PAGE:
Testimony Before the U.S. House Subcommittee on Oversight and Investigations
Chairman Stearns, Ranking Member DeGette and Members of the Subcommittee, I appreciate the opportunity to be here today to testify on the Environmental Protection Agency’s (EPA) regulatory process.
Few of the regulations that gave us huge gains in public health were uncontroversial at the time they were developed. Most major rules have been adopted amidst claims that they would be bad for the economy and bad for employment.
In contrast to doomsday predictions, history has shown, again and again, that we can clean up pollution, create jobs, and grow our economy all at the same time. Over the same 40 years since the Clean Air Act was passed, the Gross Domestic Product of the United States grew by more than 200 percent.
Some would have us believe that “job killing” describes EPA’s regulations. It is misleading to say that enforcement of our nation’s environmental laws is bad for the economy and employment. It isn’t.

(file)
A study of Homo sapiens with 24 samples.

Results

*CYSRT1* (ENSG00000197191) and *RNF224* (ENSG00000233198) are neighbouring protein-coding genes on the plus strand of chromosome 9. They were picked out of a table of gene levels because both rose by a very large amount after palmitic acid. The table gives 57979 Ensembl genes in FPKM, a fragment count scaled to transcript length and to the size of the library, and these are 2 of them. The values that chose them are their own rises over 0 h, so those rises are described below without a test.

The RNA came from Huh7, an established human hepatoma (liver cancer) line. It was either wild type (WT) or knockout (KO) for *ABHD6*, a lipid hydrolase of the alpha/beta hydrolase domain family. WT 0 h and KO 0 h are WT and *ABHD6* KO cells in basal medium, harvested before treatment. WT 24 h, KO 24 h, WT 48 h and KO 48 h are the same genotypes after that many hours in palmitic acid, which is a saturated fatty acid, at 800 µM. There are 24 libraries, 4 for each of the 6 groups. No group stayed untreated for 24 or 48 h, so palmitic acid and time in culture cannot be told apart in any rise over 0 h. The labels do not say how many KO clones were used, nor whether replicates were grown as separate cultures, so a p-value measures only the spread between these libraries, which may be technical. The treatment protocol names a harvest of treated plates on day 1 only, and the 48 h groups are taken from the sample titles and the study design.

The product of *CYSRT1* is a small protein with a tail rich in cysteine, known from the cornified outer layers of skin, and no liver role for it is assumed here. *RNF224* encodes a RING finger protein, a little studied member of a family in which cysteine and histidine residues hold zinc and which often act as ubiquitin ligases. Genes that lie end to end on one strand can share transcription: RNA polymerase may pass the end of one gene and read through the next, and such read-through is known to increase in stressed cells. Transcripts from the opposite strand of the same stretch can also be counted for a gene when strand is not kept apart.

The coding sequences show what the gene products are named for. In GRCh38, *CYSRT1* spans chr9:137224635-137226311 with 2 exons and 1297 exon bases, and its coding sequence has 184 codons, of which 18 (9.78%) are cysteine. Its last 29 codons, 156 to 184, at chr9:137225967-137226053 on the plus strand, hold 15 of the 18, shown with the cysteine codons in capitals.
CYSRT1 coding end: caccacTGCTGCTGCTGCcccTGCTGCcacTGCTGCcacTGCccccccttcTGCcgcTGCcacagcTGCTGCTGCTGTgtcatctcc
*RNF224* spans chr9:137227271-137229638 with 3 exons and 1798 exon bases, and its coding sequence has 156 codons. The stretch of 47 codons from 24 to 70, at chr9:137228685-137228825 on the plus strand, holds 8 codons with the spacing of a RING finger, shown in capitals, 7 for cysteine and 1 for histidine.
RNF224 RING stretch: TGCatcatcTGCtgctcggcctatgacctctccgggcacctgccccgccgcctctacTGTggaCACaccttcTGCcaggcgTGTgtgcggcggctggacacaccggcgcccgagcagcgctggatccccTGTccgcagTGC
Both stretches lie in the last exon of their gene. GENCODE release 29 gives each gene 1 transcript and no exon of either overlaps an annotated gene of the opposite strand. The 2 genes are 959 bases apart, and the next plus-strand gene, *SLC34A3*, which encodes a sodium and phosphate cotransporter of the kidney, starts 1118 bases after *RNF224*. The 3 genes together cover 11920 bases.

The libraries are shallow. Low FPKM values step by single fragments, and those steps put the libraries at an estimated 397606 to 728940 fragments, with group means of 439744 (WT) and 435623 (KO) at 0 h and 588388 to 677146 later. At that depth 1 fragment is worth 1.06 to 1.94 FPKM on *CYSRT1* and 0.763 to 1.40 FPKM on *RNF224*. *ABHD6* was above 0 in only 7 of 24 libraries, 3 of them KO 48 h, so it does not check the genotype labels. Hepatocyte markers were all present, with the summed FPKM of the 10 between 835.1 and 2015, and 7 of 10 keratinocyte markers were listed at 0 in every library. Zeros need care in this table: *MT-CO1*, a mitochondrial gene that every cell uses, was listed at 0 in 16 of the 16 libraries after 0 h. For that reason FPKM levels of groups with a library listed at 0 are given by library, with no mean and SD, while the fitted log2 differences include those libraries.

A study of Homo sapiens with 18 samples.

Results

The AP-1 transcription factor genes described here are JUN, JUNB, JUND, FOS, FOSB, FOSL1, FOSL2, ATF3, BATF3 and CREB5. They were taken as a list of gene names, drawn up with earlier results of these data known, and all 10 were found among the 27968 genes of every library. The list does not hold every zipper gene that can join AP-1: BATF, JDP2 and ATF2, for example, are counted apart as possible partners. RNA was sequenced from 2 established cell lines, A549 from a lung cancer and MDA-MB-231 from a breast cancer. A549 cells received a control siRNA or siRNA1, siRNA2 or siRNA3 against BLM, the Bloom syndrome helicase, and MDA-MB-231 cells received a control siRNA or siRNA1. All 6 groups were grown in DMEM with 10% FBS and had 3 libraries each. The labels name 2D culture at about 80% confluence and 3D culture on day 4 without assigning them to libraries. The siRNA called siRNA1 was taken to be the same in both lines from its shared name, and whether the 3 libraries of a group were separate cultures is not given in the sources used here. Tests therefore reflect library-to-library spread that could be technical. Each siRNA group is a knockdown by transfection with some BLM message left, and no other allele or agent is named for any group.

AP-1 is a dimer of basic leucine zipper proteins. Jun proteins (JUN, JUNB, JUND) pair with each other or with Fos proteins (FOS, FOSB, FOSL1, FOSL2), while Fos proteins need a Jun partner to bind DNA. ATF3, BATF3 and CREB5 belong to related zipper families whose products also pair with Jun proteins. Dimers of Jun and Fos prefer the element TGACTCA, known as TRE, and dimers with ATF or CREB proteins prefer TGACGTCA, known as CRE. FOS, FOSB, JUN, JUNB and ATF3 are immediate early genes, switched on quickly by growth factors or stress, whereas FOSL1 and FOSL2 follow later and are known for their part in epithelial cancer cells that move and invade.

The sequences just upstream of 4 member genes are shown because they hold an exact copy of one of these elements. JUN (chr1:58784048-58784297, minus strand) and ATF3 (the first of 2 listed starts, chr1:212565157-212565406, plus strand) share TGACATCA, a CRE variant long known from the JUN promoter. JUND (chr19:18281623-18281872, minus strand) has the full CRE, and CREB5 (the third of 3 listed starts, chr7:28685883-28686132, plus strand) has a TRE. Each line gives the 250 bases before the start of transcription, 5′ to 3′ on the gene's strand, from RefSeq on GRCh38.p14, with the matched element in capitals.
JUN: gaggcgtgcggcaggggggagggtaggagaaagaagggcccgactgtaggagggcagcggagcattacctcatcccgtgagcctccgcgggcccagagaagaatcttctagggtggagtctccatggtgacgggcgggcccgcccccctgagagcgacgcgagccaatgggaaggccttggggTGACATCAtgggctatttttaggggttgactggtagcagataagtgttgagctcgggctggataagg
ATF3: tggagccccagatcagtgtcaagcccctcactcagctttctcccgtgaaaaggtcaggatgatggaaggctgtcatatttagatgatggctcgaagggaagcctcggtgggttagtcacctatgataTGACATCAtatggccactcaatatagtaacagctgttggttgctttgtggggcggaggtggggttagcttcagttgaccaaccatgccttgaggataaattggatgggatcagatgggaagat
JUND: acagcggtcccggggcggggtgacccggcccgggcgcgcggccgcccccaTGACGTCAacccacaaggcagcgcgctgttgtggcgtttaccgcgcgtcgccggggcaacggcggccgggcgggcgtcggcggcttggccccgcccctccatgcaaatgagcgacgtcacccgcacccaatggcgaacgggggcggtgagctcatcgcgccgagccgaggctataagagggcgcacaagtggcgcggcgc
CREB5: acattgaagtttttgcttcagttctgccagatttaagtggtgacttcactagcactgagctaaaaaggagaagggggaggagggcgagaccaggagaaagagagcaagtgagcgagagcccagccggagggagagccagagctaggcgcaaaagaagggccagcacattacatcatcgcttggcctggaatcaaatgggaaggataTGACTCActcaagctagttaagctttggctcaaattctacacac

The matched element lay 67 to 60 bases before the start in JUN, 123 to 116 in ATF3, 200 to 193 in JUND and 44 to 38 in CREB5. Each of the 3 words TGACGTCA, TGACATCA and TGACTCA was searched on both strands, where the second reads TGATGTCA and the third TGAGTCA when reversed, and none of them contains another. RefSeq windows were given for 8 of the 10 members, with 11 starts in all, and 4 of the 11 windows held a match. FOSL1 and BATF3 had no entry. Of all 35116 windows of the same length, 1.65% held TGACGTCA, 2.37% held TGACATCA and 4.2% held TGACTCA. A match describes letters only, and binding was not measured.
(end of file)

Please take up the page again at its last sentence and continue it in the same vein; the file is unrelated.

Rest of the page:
Families should never have to choose between a job and a healthy environment. They are entitled to both.
We must regulate sensibly - in a manner that does not create undue burdens and that carefully considers both the benefits and the costs. However, in doing so, we must not lose sight of the reasons for implementation of environmental regulations: These regulations are necessary to ensure that Americans have clean air to breathe and clean water to drink. Americans are no less entitled to a safe, clean environment during difficult economic times than they are in a more prosperous economy.